BOSTON (AP) — A bill that would license up to three resort-style casinos and a single slots parlor in Massachusetts could be debated and voted on by Massachusetts lawmakers as early as Tuesday.
The decision to move quickly on the debate comes after a six-member conference committee charged with merging separate House and Senate versions of the bill filed their compromise measure late Monday.
Filing the legislation was a critical hurdle needed to help guarantee that a final bill could reach Gov. Deval Patrick’s desk before lawmakers end their formal sessions for the year on Wednesday.
Patrick supports casino gambling and has said he could live with a single slots parlor despite his belief that slot parlors would diminish the value of casinos.
The conference committee had to iron out several differences between the two versions of the bill.
The compromise version drops an amendment tacked on to the Senate bill that could have eased restrictions on happy hours in Massachusetts by giving all of the state’s bars and restaurants the same ability as casinos to offer free or discounted drinks.
The bill allows casinos to offer free drinks on the gaming floor.
The compromise bill also requires the state’s Alcoholic Beverage Control Commission to study all the state’s alcohol laws and report back to lawmakers.
Critics had argued that easing happy hour restrictions could lead to more drunken driving accidents and deaths, while backers said it was offered in the interest of fairness to bars and restaurant that are prohibited from offering free or discounted drinks.
The final bill includes another Senate amendment that would bar state, county and local officials, including state lawmakers, from working in the casino industry for at least one year after leaving office if those officials were involved with voting on or regulating casinos.
Supporters of the amendment say it’s needed to avoid the appearance of a conflict of interest — particularly in light of a series of recent public corruption scandals at the Statehouse.
Critics, including some lawmakers, said the measure unfairly ties their hands while stoking the public’s perception of the untrustworthiness of public officials.
Another amendment in the final version of the bill would give the veto power over casinos to the individual ward where the casino would be located in cities with a population of over 125,000. Cities could decide to opt out of that and hold a city-wide referendum.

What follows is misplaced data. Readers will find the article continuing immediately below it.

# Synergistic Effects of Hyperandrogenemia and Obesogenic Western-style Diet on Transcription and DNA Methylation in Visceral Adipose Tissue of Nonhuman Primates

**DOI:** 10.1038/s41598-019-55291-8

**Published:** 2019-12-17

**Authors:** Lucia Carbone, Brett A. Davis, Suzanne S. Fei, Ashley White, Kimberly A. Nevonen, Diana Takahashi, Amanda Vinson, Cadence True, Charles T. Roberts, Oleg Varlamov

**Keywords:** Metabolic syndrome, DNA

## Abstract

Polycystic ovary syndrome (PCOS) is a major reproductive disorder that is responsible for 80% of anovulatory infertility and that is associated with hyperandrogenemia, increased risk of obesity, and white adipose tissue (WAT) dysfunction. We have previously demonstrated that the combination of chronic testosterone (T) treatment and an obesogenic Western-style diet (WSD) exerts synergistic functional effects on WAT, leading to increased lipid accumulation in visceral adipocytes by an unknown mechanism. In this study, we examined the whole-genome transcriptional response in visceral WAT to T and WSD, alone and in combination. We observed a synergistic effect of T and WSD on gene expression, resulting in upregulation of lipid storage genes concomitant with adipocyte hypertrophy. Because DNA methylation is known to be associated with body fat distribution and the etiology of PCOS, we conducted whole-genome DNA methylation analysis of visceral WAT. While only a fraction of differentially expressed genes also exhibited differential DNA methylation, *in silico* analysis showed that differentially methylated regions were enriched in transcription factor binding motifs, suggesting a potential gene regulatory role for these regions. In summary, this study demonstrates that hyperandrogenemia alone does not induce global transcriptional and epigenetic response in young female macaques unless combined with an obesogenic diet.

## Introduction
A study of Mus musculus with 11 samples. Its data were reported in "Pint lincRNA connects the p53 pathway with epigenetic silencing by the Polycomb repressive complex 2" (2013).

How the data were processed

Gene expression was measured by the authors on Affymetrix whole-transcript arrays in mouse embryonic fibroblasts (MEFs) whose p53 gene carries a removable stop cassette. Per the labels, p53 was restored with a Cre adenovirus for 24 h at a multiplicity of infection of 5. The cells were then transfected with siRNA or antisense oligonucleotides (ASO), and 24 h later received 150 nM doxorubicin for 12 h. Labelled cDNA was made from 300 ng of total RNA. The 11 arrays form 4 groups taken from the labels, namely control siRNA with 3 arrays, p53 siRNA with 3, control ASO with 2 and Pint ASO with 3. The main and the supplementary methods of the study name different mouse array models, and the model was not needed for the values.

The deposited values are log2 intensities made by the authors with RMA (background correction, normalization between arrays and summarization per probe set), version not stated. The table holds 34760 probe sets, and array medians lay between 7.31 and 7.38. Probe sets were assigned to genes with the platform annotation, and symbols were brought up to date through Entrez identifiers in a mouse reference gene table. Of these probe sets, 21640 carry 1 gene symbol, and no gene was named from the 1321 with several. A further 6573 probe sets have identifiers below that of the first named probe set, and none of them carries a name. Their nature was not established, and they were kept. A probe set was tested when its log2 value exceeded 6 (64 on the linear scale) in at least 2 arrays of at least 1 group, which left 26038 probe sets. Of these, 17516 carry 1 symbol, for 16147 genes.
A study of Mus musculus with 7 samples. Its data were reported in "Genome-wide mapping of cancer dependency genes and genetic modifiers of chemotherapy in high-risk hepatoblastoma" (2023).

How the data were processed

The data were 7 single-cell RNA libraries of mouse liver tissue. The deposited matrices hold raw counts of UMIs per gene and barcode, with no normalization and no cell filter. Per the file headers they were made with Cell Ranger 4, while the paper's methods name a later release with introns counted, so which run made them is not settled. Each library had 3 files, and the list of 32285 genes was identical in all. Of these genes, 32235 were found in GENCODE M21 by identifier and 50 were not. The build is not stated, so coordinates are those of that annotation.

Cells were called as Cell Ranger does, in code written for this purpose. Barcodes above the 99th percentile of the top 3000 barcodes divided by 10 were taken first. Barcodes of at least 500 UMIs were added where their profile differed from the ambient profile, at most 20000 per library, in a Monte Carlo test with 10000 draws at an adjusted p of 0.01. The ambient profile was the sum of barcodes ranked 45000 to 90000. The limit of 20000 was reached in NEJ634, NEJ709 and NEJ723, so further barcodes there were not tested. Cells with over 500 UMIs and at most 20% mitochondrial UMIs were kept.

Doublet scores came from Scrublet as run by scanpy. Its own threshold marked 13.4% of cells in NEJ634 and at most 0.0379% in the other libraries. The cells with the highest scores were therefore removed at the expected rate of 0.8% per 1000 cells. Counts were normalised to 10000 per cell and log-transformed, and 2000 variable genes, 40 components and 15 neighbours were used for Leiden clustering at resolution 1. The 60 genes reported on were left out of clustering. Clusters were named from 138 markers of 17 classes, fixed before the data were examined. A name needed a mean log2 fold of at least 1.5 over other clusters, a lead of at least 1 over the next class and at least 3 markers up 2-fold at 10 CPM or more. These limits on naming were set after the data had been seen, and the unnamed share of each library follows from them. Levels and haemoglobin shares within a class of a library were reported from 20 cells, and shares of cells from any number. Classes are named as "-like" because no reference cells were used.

The amendment would currently only apply to Boston, Springfield and Worcester.
Both House and Senate bills require that nearly a quarter of the revenues from casino licensing fees go to help rein in soaring health care costs, including encouraging the adoption of electronic medical records.
Supporters of casino gambling have predicted it will create as many as 15,000 jobs in Massachusetts, including 6,000 temporary construction jobs, and generate at least $300 million in new annual revenue for the state and its cities and towns.
Backers also say Massachusetts residents who typically travel to casinos in neighboring Connecticut or other states would be more likely to stay in Massachusetts and go to casinos there.
An anti-casino group led by former state Attorney General Scott Harshbarger has blasted the job creation estimates as “wildly optimistic” and called the revenue projections outdated because they were based on pre-recession data.
Opponents also say that casinos will add to the state’s social ills, including gambling addiction, crime and divorce.
A casino bill died in the final days of last year’s legislative session after Patrick objected to the inclusion of two slots parlors designated for Massachusetts racetracks.
The broad provisions of the current bill were negotiated largely behind closed doors by Patrick, Senate President Therese Murray and House Speaker Robert DeLeo — all Democrats — before each branch tackled the measure on their own.
The legalization of expanded gambling in Massachusetts is expected to set off a scramble for the licensing rights for each of the three casinos, whose exact locations have not yet been determined.
Casino backers unleashed a flood of lobbying in the months leading up to the debate.
An Associated Press review of records filed with the secretary of state’s office found gambling interests spent $1.35 million in the first six months of the year lobbying Beacon Hill lawmakers.
That money came from casino development firms, manufacturers of slot machines and federally-recognized Indian tribes.
Copyright 2011 The Associated Press.